The experiment helped to change John-Dylan Haynes's outlook on life. In 2007, Haynes, a neuroscientist at the Bernstein Center for Computational Neuroscience in Berlin, put people into a brain scanner in which a display screen flashed a succession of random letters1. He told them to press a button with either their right or left index fingers whenever they felt the urge, and to remember the letter that was showing on the screen when they made the decision. The experiment used functional magnetic resonance imaging (fMRI) to reveal brain activity in real time as the volunteers chose to use their right or left hands. The results were quite a surprise.(Free registration required for the whole article.) Using brain scans, they can predict choices a couple of seconds in advance 60% of the time, whereas random guessing would predict 50%.
"The first thought we had was 'we have to check if this is real'," says Haynes. "We came up with more sanity checks than I've ever seen in any other study before."
The conscious decision to push the button was made about a second before the actual act, but the team discovered that a pattern of brain activity seemed to predict that decision by as many as seven seconds. Long before the subjects were even aware of making a choice, it seems, their brains had already decided.
As humans, we like to think that our decisions are under our conscious control — that we have free will. Philosophers have debated that concept for centuries, and now Haynes and other experimental neuroscientists are raising a new challenge. They argue that consciousness of a decision may be a mere biochemical afterthought, with no influence whatsoever on a person's actions. According to this logic, they say, free will is an illusion. "We feel we choose, but we don't," says Patrick Haggard, a neuroscientist at University College London.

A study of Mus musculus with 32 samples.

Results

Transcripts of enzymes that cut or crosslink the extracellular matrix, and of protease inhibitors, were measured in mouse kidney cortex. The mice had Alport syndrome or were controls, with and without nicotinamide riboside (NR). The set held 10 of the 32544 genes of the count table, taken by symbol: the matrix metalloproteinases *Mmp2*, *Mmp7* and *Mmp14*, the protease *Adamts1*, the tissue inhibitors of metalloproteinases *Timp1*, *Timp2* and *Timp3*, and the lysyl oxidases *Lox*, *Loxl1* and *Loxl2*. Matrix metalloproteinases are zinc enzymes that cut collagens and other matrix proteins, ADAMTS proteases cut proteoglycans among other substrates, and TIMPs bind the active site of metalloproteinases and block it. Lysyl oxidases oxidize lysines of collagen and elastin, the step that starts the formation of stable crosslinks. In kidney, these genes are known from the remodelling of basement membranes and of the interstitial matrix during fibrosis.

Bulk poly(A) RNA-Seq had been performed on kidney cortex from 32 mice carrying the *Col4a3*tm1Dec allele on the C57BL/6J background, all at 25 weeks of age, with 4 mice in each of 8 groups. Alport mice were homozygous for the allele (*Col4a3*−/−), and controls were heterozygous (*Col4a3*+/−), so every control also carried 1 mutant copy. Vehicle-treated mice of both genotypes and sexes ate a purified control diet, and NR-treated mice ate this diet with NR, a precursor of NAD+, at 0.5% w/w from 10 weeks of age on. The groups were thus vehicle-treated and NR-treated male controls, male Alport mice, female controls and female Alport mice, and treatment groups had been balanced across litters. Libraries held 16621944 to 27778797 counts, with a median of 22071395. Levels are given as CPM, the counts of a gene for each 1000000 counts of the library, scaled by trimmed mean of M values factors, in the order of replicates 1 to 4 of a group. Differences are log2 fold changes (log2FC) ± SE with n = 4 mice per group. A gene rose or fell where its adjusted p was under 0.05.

You may have thought you decided whether to have tea or coffee this morning, for example, but the decision may have been made long before you were aware of it.
The new atheists have declared that nature is deterministic, that these experiments prove that we have no free will, and that religion falsely makes us morally responsible for our actions.
I think that it is baffling why anyone would think that the above experiment has anything to do with free will. The article gives some explanation, but also cites philosophers who say that the atheist neuroscientists are wrong.
It seems obvious to me that it is very difficult to make a decision faster than about ten seconds. Athletes, cops, traders, and others seem to make faster decisions, but only after extensive training that allows them to decide in advance about a wide range of scenarios. Given an unfamiliar situation, and they cannot make a quick decision.
There is no evidence against free will. These experiments only show that our detection equipment is much quicker than our decision making ability.